Florence police provide active shooter training - WMBFNews.com, Myrtle Beach/Florence SC, Weather

Florence police provide active shooter training

Lt. Terrance Ford in an active shooter response simulation. (Source: Audrey Biesk) Lt. Terrance Ford in an active shooter response simulation. (Source: Audrey Biesk)

FLORENCE, SC (WMBF) - Moving toward the sound of gun fire is something no one imagines doing, but it's something law enforcement officers are trained for.

The Florence Police Department is hosting a two-week-long active shooter response training to help provide officers with the right tactics in case of a mass shooting.

This is the seventh year in a row the FPD has put on the training for other public safety enforcement agencies within the Pee Dee.

“You cannot have a contingency plan for each threat that may occur, so we try to have the latest tactics and provide those for our officers and help them with this training by providing them similar stimulus that they would encounter in real life,” said Florence Police Lt. Mike Brandt.

Officers must prepare for the changing tactics, though. Brandt said the training prepares officers for real-life scenarios using non-lethal ammunition rounds to simulate being shot at with real guns.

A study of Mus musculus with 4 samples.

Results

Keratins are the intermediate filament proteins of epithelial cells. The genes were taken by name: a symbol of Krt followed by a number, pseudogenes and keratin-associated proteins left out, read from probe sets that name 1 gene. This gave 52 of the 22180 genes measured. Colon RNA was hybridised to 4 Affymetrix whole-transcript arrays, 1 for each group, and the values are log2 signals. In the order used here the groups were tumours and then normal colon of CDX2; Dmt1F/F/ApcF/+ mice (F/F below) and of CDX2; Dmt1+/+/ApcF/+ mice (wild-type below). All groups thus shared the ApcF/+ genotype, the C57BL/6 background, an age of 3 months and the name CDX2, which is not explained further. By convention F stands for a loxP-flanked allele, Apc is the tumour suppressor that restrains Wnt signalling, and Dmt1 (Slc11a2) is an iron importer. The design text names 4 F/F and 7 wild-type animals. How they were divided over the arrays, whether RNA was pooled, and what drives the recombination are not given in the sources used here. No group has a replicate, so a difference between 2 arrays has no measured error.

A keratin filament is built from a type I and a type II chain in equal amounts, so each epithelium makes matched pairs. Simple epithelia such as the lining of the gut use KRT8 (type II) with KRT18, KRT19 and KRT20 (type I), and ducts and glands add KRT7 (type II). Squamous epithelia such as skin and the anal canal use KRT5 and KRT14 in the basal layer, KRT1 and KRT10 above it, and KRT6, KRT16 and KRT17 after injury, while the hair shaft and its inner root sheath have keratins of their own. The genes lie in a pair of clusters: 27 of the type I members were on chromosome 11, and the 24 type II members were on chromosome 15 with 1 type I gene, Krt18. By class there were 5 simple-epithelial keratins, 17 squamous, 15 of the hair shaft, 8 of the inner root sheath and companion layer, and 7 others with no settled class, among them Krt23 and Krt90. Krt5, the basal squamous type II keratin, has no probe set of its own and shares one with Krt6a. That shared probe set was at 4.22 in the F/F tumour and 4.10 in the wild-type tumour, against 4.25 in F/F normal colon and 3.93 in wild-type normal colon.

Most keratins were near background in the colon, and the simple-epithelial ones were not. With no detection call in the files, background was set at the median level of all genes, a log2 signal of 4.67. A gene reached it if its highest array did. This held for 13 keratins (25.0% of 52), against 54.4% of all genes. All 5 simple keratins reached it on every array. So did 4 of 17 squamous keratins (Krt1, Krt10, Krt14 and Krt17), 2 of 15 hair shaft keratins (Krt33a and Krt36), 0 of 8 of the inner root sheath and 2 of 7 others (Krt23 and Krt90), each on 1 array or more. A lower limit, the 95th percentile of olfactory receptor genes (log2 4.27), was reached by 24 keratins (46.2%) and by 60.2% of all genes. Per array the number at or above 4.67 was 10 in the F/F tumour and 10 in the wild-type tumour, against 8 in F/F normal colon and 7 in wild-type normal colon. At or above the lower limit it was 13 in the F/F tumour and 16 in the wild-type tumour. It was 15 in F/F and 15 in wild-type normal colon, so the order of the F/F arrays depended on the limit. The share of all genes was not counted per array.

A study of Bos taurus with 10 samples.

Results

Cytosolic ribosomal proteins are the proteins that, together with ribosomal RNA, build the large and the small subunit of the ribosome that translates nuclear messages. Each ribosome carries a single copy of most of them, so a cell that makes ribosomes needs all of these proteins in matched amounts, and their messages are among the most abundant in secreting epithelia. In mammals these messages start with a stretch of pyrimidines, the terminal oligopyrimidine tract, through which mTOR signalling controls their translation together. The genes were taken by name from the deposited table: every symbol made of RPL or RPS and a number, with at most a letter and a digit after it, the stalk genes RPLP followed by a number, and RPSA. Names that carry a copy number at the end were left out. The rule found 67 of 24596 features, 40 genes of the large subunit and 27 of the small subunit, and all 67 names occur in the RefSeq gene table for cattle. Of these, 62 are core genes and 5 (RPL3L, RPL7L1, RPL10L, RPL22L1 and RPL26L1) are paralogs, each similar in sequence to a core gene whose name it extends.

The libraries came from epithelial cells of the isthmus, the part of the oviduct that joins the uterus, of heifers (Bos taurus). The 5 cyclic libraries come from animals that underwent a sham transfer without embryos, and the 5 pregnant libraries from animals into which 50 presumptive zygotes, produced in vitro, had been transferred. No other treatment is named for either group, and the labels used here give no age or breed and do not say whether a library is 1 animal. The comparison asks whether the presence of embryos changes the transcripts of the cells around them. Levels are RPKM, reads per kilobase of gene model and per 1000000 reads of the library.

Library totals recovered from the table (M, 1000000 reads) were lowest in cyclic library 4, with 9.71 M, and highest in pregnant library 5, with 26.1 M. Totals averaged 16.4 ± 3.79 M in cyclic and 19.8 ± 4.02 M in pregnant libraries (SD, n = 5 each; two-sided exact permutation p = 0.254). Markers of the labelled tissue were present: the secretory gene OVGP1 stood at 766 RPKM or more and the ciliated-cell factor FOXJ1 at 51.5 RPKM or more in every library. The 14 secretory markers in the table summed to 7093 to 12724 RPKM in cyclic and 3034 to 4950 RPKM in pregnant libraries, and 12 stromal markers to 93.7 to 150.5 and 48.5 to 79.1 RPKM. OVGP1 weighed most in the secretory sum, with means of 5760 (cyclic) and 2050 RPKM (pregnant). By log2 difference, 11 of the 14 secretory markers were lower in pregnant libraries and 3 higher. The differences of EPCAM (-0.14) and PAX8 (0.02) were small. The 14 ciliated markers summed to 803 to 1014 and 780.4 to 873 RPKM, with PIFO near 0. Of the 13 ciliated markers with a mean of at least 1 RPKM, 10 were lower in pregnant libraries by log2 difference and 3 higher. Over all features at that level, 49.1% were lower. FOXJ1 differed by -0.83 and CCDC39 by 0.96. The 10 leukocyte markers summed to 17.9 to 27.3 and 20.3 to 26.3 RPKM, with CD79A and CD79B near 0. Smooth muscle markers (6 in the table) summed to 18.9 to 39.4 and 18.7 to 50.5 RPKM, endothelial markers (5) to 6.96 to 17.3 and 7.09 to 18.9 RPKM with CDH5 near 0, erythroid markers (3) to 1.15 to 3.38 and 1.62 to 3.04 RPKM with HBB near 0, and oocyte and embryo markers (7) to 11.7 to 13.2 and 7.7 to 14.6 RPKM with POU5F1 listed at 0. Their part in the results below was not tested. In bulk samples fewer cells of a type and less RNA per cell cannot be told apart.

"Those training rounds do hit the officers and in turn it leaves a mark to kind of let them know errors they have made and corrections they can make to the attackers,” said Lt. Terrance Ford, the lead emergency response team trainer.

Ford remembers the 1999 Columbine shooting, where the tactic was to stand by until S.W.A.T. or emergency units arrive.

“But now it’s going to be a single-unit response because we don’t have that opportunity to stand by and wait, because the longer we wait, the more lives are being lost,” he said.

Law enforcement must stay on top of the latest tactics and Brandt said there isn’t a limit on where and when an active shooter can hit.

“In what would be considered safe locations, those become good targets to strike fear into people and fear is actually the biggest tool for terrorists," Brandt said.

"You’re going to have someone who wants to flee because it’s sensory overload with people injured. You’re going to have firearms and gunshots going off,” Ford said.